Premises Cost Directions and valuing your GP premises

Valuing GP premises

Which Premises Cost Directions does your practice fall under and why is this so important?

 

GP Surveyors receive many queries regarding surgeries rent reviews and valuations and a common area of confusion is which Premises Cost Directions apply to practices. The Directions adopted when valuing GP premises is important because it can directly affect the amount of rent reimbursement the surgery is entitled to receive.

 

Alternative use value

The most significant difference between Directions is the consideration of alternative use value. The 2004 Directions permit alternative use, meaning premises can be valued for practice purposes and any other purpose for which planning permission has been granted or might reasonably be expected to be granted. This difference is fundamental to how many surgeries are valued, particularly in high value areas. These practices could significantly benefit from being valued on an alternative use basis, simply because residential or commercial properties are more valuable than surgeries in certain areas.

In some case’s surgeries that have been historically valued on an alternative use basis, under the 2004 Directions, may have had their Current Market Rent (CMR) substantially reduced under the 2013 Directions. To avoid such a scenario, it would be prudent for practices to seek advice from a specialist primary care surveyor before submitting their CMR1 form or agreeing to the NHS rental reimbursement figure.

Tandem car parking and air conditioning

Other key areas that are eligible for reimbursement under the 2004 Directions and not the 2013 Directions include air conditioning and tandem car parking (where a car is blocked in by another car and can’t be moved in isolation). The inclusion of these features in a surgery rental valuation can make a significant difference in rental reimbursement for a practice.

 

When do the 2004 or 2013 Directions apply?

Although the 2013 Directions are the most recent version, this does not mean that they automatically supersede the 2004 Directions. In most cases, when valuing GP practice premises, the 2004 Directions can be applied to properties built before 1st April 2013 and those built after this date can adopt the 2013 Directions. As per the transitional arrangements stated in Section 56 of the 2013 Directions.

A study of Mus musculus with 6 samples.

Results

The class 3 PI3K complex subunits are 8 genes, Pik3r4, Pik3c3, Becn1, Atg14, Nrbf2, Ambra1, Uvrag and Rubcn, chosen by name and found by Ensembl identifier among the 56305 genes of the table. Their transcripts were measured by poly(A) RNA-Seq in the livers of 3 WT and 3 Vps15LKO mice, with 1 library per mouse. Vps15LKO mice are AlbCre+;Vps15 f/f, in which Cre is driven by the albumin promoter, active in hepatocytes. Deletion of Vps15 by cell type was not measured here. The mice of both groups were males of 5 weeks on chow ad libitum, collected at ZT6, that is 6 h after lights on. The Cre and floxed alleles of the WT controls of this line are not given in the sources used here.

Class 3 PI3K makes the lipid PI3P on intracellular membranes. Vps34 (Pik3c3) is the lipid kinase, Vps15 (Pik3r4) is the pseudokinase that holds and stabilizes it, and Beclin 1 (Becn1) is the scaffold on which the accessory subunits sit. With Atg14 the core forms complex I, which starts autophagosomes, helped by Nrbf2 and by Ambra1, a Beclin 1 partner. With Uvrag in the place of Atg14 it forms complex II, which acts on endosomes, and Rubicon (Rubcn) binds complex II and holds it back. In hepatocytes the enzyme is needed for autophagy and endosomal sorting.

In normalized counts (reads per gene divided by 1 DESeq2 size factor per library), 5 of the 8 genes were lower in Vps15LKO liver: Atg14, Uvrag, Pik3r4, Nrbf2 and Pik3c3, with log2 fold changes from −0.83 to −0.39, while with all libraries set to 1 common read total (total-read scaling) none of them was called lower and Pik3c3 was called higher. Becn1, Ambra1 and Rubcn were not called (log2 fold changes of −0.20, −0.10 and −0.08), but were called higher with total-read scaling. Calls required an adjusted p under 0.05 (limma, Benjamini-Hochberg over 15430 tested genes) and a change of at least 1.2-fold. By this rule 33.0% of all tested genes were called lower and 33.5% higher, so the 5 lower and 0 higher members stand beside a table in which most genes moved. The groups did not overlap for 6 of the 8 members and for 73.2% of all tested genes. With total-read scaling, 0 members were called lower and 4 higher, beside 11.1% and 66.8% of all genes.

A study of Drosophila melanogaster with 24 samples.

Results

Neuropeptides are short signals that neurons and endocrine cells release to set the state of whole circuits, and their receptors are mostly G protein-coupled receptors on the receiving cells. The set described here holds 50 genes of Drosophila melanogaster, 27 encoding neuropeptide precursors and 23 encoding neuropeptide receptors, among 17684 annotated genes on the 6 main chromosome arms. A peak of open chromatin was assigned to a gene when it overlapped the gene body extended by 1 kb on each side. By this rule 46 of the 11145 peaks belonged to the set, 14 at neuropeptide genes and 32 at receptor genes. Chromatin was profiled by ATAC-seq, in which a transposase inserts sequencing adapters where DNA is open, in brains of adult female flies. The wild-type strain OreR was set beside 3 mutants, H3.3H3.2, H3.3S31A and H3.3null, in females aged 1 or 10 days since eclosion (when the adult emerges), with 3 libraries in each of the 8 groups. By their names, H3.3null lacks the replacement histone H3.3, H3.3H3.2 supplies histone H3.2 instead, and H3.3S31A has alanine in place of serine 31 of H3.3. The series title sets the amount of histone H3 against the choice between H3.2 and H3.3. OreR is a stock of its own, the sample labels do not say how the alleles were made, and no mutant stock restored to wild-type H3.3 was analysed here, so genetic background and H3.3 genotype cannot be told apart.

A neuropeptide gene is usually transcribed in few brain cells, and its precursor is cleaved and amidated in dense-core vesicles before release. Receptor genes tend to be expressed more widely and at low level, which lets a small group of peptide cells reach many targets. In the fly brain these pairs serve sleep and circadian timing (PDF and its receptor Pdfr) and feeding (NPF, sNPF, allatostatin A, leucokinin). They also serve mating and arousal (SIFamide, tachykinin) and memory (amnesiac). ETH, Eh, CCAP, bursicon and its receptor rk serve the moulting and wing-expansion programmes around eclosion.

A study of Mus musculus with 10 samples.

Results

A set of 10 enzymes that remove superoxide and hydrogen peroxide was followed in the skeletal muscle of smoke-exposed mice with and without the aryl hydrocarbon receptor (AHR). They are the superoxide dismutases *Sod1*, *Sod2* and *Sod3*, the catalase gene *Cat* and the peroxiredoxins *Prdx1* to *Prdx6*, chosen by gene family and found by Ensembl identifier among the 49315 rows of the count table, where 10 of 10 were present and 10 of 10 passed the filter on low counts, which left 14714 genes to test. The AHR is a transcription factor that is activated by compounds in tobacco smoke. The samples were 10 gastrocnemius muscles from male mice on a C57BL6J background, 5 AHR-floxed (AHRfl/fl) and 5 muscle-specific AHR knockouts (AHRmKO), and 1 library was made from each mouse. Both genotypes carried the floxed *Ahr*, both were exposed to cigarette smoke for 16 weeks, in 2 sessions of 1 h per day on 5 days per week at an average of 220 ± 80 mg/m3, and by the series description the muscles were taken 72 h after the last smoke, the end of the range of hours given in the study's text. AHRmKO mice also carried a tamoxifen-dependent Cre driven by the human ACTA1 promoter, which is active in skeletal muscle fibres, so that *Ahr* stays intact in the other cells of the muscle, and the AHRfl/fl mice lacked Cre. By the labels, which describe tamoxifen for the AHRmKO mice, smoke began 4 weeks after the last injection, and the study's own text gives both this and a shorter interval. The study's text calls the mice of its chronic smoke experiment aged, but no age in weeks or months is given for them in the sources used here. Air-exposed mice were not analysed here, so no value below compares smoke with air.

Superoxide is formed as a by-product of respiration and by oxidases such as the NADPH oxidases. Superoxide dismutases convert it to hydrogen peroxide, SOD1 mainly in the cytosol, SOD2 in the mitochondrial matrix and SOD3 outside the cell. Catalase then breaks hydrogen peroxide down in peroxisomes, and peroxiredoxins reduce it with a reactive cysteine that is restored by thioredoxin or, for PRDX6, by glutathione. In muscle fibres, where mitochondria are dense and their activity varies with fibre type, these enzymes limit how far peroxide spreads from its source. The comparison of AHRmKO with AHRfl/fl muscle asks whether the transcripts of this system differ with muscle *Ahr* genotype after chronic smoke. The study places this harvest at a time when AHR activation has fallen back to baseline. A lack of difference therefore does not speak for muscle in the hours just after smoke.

Applying for NHS rent reimbursements

GP Surveyors have become aware of practices receiving letters from the NHS that muddy the waters in terms of which Directions apply to their surgery. The NHS’s letters simply fail to recognise the transitional arrangements stated in the 2013 Directions and this can lead to practices believing they automatically fall under the 2013 Directions. In some cases, the letters are accompanied by an application form, stipulating the practice is applying for rent under the 2013 Directions. Therefore, applying for funding could be deemed to move any surgery on the 2004 Directions to the 2013 Directions.

It is imperative to be aware that once a GP practice agrees to a variation, in what is reimbursable, it can become binding and incredibly difficult to reverse. Before completing your surgeries rental application, it would be prudent for your practice to seek independent, specialist advice.

 

If you would like expert advice concerning your rent review or the Premises Cost Directions, please contact GP Surveyors and one of our specialist team will be able to advise you on the best course of action.